From the Crikey grapevine, the latest tips and rumours …
Book too extreme for printers. Anti-gay marriage campaigner David van Gend claims that he has been censored by a printing house that has refused to print his book Stealing from a Child: the Injustice of Marriage Equality. The book was to be published by niche right-wing publisher Connor Court, but Catholic Weekly reports that McPherson’s printers wouldn’t be printing the book because of its subject matter:
“This is the first time that a publisher has refused a book on ideological grounds.
“‘This was a shock, because you don’t expect a printing firm to act as a political censor for the gay lobby,’ said Dr David, Brisbane-based GP and president of the Australian Marriage Forum.
“‘The printing company, OpusGroup, has had my book with them for two weeks — why did they wait until the day before the launch to pull the plug?’ asked Dr David.
“If the plan was to suppress the book, it has been a failure, as ‘the heavy early demand for books’ meant that thousands have already been printed digitally at a different company.”
Mine closure surprise. “Hazelwood shutdown near” read the front page of The Age on Saturday, as the paper revealed that French energy giant ENGIE looked likely to close the coal-fired power plant and mine by April next year. Although the closure of the power plant is not a new idea, and statements by recently appointed CEO of ENGIE Isabelle Kocher have made it clear that the company was looking to move away from running Hazelwood, the story seems to have caught the authorities by surprise, with Energy Minister Lily D’Ambrosio telling the media on Saturday: “I heard about the speculation last night. I contacted the senior management of the company late yesterday and their information was that they’d made no decision.” D’Ambrosio travelled to the Latrobe Valley on Saturday to talk to locals, but Ms Tips hears that it wasn’t just the state government taken by surprise. Latrobe City Council spent Saturday in crisis meetings over the news that the plant would be closed much sooner than expected. While the company and the Victorian government keep assuring locals that no decision has been made, the writing is on the wall that the plant’s days are numbered. The reactions of both the government and the council look to an outside observer as if these governing bodies didn’t have a plan in place already, which is just another worry to add to the list for the people of the Valley.
October the month to watch the RBA. October is shaping up as a big month for new Reserve Bank governor Philip Lowe. There’s his first RBA board meeting as governor, the first major report (the biannual Financial Stability Review) and his first major speech. That happens on October 18, with a speech to a dinner in Sydney at the end of a conference sponsored by Citibank. His speech will come a few hours after the release of the RBA’s second Financial Stability Review of the year, and a couple of days after the release of the minutes of Lowe’s first board meeting as governor (that’s on October 4). The Stability Review will be read with interest to see what the RBA says about bank culture after Lowe last week continued Glenn Stevens’ criticisms of the way the banks are sometimes being managed, at his first appearance before the House of Reps Economics Committee. Lowe has already given us a slightly more optimistic view of the way the economy is going (a point made earlier this month by the bank’s head of economics, assistant governor Christopher Kent).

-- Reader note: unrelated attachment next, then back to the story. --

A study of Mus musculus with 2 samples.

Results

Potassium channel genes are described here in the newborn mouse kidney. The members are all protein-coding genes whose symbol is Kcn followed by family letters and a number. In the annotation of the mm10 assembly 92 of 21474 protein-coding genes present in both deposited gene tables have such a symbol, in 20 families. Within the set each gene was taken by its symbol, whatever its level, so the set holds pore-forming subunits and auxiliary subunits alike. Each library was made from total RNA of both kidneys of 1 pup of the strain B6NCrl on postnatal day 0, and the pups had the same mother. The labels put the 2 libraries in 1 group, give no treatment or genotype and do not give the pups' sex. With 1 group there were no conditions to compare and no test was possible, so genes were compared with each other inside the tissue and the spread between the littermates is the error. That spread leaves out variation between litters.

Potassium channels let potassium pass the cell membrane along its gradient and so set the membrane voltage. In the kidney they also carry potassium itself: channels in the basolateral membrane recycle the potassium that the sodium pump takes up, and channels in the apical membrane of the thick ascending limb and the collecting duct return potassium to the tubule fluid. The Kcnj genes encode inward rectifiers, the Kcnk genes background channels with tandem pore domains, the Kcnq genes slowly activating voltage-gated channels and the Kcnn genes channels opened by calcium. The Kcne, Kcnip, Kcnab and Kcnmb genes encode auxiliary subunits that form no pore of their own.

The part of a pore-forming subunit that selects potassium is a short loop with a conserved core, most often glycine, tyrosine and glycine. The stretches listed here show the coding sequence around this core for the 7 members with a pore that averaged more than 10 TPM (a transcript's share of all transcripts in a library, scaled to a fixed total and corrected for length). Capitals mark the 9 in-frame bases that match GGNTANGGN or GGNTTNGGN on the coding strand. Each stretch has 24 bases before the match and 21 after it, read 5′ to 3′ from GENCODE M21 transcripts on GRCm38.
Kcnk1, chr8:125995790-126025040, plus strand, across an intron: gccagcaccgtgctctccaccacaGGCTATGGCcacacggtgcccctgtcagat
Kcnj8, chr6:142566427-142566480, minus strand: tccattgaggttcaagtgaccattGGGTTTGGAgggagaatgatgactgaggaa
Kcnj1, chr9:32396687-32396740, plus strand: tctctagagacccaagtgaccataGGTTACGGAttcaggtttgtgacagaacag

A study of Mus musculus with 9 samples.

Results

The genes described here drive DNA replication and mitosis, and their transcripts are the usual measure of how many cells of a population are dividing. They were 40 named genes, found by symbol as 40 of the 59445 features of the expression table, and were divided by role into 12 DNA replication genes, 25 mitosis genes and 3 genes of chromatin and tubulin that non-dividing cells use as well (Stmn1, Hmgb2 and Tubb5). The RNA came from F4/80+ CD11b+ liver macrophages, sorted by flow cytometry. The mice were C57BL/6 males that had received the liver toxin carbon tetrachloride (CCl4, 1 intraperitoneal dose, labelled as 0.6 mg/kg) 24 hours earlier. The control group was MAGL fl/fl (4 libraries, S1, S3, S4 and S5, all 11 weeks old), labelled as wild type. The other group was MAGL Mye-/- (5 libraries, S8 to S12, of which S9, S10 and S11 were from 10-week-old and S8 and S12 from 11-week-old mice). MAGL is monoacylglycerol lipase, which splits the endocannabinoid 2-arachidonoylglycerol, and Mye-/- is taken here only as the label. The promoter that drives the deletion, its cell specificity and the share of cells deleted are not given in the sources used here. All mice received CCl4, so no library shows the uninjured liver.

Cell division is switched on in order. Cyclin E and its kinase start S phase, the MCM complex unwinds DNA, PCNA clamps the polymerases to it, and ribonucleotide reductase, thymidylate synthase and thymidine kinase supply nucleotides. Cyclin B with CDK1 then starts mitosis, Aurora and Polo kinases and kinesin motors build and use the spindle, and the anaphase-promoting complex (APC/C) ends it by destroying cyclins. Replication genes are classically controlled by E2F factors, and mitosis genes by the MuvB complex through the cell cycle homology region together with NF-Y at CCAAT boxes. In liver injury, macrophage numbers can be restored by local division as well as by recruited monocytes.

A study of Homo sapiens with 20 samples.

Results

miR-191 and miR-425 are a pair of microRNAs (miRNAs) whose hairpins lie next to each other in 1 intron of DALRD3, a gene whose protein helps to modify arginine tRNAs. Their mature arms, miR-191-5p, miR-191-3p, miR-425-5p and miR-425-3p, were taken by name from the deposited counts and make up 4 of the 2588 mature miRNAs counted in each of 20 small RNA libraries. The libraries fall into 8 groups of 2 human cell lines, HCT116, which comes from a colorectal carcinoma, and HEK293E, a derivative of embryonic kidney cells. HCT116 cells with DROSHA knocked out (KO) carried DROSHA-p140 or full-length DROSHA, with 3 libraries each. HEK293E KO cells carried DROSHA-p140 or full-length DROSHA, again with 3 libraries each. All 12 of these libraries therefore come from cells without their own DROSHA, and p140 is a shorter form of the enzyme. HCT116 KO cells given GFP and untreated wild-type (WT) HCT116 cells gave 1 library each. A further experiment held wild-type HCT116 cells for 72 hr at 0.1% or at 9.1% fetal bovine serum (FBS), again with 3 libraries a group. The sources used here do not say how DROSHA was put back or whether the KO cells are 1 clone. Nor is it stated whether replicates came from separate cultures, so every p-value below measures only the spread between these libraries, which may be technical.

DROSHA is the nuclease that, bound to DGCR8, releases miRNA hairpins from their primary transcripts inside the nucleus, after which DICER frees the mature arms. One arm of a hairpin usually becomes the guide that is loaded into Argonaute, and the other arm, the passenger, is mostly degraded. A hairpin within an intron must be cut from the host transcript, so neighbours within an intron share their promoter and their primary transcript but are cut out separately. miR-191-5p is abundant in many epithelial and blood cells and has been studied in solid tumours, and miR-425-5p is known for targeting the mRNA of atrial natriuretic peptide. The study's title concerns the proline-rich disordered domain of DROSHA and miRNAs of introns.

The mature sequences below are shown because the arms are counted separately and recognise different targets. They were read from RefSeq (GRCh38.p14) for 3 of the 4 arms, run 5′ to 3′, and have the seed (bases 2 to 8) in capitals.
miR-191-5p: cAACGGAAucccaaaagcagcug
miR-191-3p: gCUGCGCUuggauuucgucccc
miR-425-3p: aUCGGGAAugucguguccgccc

Blue moon. The nudists and exhibitionists of Victoria have been put on notice, with the government legislating jail terms for those convicted of mooning or streaking. While mooning does not hold the same important place in the traditions of Victoria as it does in the Northern Territory, it still seems to be an affront that the practice is explicitly mentioned in the Crimes Amendment (Sexual Offences) Act passed last week:
Victorian Attorney-General Martin Pakula has been quick to point out that the government isn’t actually changing anything, just specifying a difference between two different crimes. “It’s always been an offence,” he tweeted. “All we’ve done is separate ‘indecent exposure’ (e.g. mooning) from ‘sexual exposure’ (e.g. flashing).”
For first-time mooners, the maximum penalty is a two-month jail term, while repeat offenders could end up in a prison jumpsuit (hard to moon in one of those) for up to six months.